My parents both grew up in the small South Georgia community of Donalsonville in Seminole County. My daddy was a city boy. His mother died very young leaving my grandfather with four children under the age of 5. My daddy always said that it didn't take his father long to decide that he wanted to become a Baptist minister and headed to Seminary School at Mercer in Macon, Georgia. The children went to Donalsonville to live with their grandmother. She had a grocery store, chickens running around the yard, and a big healthy fig tree. They all loved figs, but my daddy feigned an allergy to fig leaves and never had to pick the fruit. When he was a grown man, his aunts and uncles all said that "Brother" as he was known, would get fig poisoning if he touched the fig leaves.
My mother, on the other hand, grew up on a farm about 5 miles out in the country. She had two sisters and no brothers and had to work in the cotton fields like a "hand". Her mother was a very genteel lady and even though she and the girls often picked cotton, they wore large brim straw hats to preserve their peaches 'n cream complexions. It was at her farmhouse table that I learned to love fig preserves.
When, my parents retired and moved home to Georgia, they had the most beautiful fig tree in their yard. The kids always got a kick out of the fact that there was always a rubber snake in the tree to scare off the birds who loved to nibble on the juicy sweet figs. Mother would fix them bowls of fresh figs bathed in cream and sprinkled with sugar for breakfast. That was just the appetizer. The main attraction were her homemade biscuits slathered with butter and gobs of her sweet fig preserves.
Her recipe was from a University of Georgia pamphlet that I still have in my cookbook collection.
The type of figs that my parents and grandparents grew in their back yards and made those delicious preserves with are named Brown Turkey. They are a brownish purple on the outside when ripe and a have a pinkish tinted and juicy center.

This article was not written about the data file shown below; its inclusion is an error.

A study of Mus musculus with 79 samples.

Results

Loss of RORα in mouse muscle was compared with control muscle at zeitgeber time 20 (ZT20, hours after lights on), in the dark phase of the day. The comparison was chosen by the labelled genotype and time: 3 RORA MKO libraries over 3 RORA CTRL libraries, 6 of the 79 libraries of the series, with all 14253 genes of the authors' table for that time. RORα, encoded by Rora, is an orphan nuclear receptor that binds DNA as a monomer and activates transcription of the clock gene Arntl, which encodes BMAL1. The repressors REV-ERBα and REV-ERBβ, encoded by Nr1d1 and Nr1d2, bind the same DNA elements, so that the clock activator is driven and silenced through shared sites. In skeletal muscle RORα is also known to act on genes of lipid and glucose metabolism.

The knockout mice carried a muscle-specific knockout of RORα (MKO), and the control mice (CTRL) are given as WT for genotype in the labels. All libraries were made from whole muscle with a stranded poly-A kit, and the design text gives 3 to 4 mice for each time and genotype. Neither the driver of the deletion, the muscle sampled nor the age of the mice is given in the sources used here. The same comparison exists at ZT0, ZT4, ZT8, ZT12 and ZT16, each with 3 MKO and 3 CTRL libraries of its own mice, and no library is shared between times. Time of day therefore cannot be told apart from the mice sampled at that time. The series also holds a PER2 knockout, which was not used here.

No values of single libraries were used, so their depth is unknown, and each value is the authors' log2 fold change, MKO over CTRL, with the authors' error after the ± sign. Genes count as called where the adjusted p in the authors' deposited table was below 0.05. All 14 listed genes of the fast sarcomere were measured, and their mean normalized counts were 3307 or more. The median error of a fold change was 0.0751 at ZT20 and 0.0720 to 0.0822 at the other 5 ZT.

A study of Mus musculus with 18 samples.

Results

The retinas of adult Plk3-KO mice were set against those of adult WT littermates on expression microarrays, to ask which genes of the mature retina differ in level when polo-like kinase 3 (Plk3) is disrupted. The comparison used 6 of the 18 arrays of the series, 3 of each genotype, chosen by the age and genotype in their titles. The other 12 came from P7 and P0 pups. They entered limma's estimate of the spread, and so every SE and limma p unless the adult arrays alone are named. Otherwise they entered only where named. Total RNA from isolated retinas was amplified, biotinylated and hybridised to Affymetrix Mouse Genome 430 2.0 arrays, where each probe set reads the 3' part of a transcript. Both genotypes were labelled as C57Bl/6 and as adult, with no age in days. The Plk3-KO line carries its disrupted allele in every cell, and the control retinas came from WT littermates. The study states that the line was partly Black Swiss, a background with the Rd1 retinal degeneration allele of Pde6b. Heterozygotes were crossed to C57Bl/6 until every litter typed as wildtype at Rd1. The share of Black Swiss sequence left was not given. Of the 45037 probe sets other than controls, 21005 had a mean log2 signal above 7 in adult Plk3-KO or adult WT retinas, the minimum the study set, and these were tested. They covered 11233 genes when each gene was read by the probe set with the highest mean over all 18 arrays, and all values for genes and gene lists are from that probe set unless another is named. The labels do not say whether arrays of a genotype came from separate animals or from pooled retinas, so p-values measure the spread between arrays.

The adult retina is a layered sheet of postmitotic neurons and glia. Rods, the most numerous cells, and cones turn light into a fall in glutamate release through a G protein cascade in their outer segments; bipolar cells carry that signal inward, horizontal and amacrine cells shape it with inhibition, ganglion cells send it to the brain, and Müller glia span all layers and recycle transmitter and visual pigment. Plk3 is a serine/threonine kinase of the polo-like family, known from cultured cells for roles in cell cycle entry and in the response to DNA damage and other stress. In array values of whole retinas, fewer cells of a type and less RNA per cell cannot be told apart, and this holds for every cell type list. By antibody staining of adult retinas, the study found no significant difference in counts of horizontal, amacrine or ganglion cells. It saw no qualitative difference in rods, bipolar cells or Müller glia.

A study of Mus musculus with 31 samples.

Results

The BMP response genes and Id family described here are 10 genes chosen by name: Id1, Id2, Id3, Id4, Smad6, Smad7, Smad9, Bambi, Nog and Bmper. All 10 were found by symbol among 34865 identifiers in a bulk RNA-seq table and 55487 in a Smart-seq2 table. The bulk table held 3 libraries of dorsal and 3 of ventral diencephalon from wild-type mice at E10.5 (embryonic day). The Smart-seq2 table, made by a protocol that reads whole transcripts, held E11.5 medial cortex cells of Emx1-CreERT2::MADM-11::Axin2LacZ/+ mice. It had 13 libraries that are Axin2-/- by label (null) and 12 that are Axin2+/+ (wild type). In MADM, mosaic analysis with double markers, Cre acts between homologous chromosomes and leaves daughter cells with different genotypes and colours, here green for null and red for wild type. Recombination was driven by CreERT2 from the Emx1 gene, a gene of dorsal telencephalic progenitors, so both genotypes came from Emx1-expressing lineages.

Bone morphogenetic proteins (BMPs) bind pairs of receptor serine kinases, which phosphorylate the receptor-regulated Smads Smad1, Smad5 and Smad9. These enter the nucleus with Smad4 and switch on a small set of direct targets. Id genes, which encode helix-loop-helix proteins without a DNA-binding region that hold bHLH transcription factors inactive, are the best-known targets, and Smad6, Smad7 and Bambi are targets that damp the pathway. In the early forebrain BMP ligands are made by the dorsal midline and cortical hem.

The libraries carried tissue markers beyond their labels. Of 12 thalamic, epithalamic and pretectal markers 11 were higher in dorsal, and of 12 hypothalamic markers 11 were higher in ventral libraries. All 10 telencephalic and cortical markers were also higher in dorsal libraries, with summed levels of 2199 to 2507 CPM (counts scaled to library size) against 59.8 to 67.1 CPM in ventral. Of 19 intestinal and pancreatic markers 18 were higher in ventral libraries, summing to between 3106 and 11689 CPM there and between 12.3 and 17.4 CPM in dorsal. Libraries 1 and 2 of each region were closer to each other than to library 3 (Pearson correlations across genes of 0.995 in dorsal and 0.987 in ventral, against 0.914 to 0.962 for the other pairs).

Georgia Fig Preserves
3 quarts figs
3 quarts boiling water
4 cups sugar
1 1/2 quarts water
2 lemons - thinly sliced
Yields about 10 half pint jars
Pour 3 quarts boiling water over the figs. Let stand 15 minutes. Drain and discard liquid. Rinse figs in cold water and drain. Prepare syrup by mixing sugar, 1 1/2 quarts water and lemon. Boil rapidly 10 minutes. Skim syrup; remove and discard lemon slices. Drop figs carefully into the boiling hot syrup, a few at a time, Cook rapidly until figs are transparent. Remove figs and place in a shallow pan. Boil syrup until thick, pour over figs and let stand 6 to 8 hours.
Sterilize half pint jars and lids. Reheat figs and syrup to boiling. Pour hot preserves into hot jars, leaving 1/4 inch headspace. Wipe rims of jars with a dampened clean paper towel; adjust two piece metal canning lids, Process in a Boiling Water Canner 10 minutes.
When pouring hot preserves into hot jars, make sure to wear oven mitts and to use a kitchen funnel, as the hot juice can quickly scald hands.
This may seem like a lot of trouble, but if you have access to Brown Turkey Figs, the finished delectable preserves will be well worth your time and effort.